Monday, June 4, 2007

Books: Who Sleeps With Katz, by Todd McEwen

The first piece of quality 21st century literature that I've come across is Who Sleeps With Katz. Slurp up your grain of salt because it's true—I'm not a big reader of new releases—but that's generally because writers writing today aren't very good. McEwen is brilliant.

Our narrator, MacK, is a smoker having a love affair with old New York. He lives in a predominantly Jewish Upper West Side co-op, has a friend named Isidore who lives downtown, and has just been diagnosed with lung cancer. The novel, a wandering thread of memories attached to martinis, meals, and cigarettes, hallways and rooms and buildings, progresses with the ambling speed and direction (or lack thereof), the fleeting attachment to detail, of a walk through Manhattan's streets. It's not a cancer book, and it's not a neurotic New Yorker book (McEwen no Roth, to be sure, despite the way MacK's time in the city has made him into something of a wannabe-Jew). Instead, it is volume that is light and thick simultaneously, like good custard, properly gelled, in which images and emotions cling to details the way pipe smoke's sweet scent lodges in the pile of an old velvet smoking chair.

MacK's memories are most often tied to cigarettes, and his constant invocation of brand names quickly reveals itself as an incredibly efficient and emotion-packed way to describe places and people; Silk Cuts in London, True at the deli where he fanatically purchases bologna sandwiches that he carries afterward in his pockets. He describes a woman who went through college "on a sea of Schlitz," looking for her Marlboro Man. The brand name is something that is used more and more in postmodern fiction (most prominently, of course, in DeLillo's White Noise), and it's something that always connects for me. The last fifty years of advertising have installed such intense emotional responses in us that it is now more potent to cite a woman's box of Virginia Slims than her haircut or her bosom, her career or her alma mater. McEwen, though, trumps DeLillo and everyone else by zeroing in on primarily one white stick of ephemera, rather than glossing over the entire world of consumer packaged goods and their jingles.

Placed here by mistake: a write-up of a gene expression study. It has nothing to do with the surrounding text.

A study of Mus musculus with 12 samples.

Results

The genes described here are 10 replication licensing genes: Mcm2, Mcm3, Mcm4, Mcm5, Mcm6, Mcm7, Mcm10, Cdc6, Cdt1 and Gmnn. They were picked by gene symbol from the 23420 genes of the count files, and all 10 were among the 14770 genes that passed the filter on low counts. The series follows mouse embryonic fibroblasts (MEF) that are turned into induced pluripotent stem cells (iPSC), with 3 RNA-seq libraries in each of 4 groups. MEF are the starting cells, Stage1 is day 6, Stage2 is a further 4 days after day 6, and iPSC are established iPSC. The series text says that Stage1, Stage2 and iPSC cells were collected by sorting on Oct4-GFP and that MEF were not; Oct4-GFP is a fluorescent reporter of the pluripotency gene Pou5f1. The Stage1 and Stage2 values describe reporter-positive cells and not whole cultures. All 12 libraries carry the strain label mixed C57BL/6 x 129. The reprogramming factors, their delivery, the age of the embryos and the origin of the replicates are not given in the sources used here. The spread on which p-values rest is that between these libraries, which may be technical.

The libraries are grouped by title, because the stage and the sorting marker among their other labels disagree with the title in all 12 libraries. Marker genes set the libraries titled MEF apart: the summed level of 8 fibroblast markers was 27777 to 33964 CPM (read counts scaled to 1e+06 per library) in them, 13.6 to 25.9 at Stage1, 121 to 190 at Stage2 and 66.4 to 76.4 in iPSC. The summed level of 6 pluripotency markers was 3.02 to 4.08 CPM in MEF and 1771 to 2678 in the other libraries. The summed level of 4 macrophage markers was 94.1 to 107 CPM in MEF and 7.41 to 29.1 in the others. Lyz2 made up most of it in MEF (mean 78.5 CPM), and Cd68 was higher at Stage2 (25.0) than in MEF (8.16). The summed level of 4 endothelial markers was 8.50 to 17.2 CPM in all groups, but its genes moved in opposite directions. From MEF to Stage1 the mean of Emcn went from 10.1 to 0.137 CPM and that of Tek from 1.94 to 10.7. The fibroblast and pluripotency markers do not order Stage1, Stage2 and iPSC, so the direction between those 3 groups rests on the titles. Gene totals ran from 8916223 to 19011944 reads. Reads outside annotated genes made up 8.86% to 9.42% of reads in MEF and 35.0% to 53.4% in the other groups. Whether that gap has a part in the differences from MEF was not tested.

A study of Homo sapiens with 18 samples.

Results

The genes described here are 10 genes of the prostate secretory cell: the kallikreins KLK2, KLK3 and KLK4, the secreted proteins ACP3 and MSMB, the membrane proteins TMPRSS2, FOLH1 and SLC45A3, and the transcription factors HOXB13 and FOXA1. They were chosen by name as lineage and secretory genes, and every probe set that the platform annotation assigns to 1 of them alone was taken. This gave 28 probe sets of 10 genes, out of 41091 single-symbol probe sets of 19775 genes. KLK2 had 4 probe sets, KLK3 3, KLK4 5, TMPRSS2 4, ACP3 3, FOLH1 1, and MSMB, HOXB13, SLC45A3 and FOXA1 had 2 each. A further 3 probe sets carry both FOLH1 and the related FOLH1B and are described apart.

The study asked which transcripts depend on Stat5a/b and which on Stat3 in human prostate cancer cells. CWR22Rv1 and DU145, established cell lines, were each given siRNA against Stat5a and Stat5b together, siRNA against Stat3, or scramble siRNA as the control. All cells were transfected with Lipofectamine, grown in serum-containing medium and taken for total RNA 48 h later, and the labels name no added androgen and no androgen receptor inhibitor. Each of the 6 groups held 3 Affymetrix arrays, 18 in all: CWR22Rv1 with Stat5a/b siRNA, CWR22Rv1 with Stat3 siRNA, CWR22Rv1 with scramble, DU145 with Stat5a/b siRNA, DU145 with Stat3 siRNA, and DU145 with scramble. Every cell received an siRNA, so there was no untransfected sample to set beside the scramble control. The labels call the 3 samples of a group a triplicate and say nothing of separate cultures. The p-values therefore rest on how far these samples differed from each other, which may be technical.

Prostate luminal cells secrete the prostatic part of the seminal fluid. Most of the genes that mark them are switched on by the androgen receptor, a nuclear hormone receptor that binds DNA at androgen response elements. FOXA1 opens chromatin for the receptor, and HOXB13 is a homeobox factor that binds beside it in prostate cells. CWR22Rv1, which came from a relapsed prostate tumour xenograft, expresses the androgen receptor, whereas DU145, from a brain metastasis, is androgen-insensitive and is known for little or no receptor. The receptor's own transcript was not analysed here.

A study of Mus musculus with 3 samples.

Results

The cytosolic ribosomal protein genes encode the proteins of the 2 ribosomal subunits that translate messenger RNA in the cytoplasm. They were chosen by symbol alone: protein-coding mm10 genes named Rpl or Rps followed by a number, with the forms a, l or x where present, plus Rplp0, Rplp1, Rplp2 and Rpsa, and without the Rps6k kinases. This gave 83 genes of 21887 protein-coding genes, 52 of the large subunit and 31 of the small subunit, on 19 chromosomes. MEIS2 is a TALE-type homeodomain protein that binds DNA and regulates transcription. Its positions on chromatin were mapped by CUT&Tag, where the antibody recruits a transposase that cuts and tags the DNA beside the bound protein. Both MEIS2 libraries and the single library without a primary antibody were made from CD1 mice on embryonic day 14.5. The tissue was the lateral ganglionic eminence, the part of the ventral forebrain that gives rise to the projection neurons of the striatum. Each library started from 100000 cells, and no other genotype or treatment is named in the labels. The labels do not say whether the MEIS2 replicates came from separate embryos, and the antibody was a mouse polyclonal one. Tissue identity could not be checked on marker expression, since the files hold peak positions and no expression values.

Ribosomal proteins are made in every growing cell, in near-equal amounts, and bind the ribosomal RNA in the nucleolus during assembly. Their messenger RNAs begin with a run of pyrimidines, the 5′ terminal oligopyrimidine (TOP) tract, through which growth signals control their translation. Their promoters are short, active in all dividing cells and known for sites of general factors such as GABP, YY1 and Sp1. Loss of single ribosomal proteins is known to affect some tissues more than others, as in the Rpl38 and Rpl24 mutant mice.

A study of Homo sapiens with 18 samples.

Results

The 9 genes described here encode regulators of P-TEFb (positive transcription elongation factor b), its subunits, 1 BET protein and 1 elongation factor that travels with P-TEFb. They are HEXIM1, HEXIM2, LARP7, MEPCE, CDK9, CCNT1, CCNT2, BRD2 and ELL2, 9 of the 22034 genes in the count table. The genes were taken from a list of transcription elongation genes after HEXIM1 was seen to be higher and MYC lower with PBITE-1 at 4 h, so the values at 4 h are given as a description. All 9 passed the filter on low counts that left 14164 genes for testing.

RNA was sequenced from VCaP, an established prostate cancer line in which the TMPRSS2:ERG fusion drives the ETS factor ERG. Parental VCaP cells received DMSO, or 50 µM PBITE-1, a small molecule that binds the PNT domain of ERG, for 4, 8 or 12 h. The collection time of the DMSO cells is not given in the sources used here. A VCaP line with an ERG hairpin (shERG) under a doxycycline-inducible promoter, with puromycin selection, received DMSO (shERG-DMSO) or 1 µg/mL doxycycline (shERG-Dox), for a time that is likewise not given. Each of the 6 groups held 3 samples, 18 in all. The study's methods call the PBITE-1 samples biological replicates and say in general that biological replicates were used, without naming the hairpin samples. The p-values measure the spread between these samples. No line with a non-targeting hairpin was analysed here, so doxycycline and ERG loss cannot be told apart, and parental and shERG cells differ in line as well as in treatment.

I can't help but recall Damien Hirst's amazing Dead Ends Died Out, a shallow, shelf-lined glass case, in which hundreds of cigarette butts stand on their blunted heads, mostly smoked down to their brown filters. One can get up close enough to read the tiny print ringed around each—lots of Silk Cut (Hirst being English, and, perhaps furthermore, a benefactee of advertising tycoon Charles Saatchi who once was most famous for his Silk Cut ads), but plenty of Camels, Marlboros, Kents, etc. Not only am I not a smoker, but I loathe the habit, and as a child would steal cigarettes from my father's shirt pocket, rip them up, and flush them down the toilet (I was afraid he would die from lung cancer). And yet, the tenderness of Hirst's piece is the same as the tenderness of McEwen—an attachment that becomes a key or a trigger for recollection: the taste of a woman's mouth, her lipstick on the filter. It is concise and evocative, and thereby poetic. It is a foul and hideous habit with an intensely aesthetic life.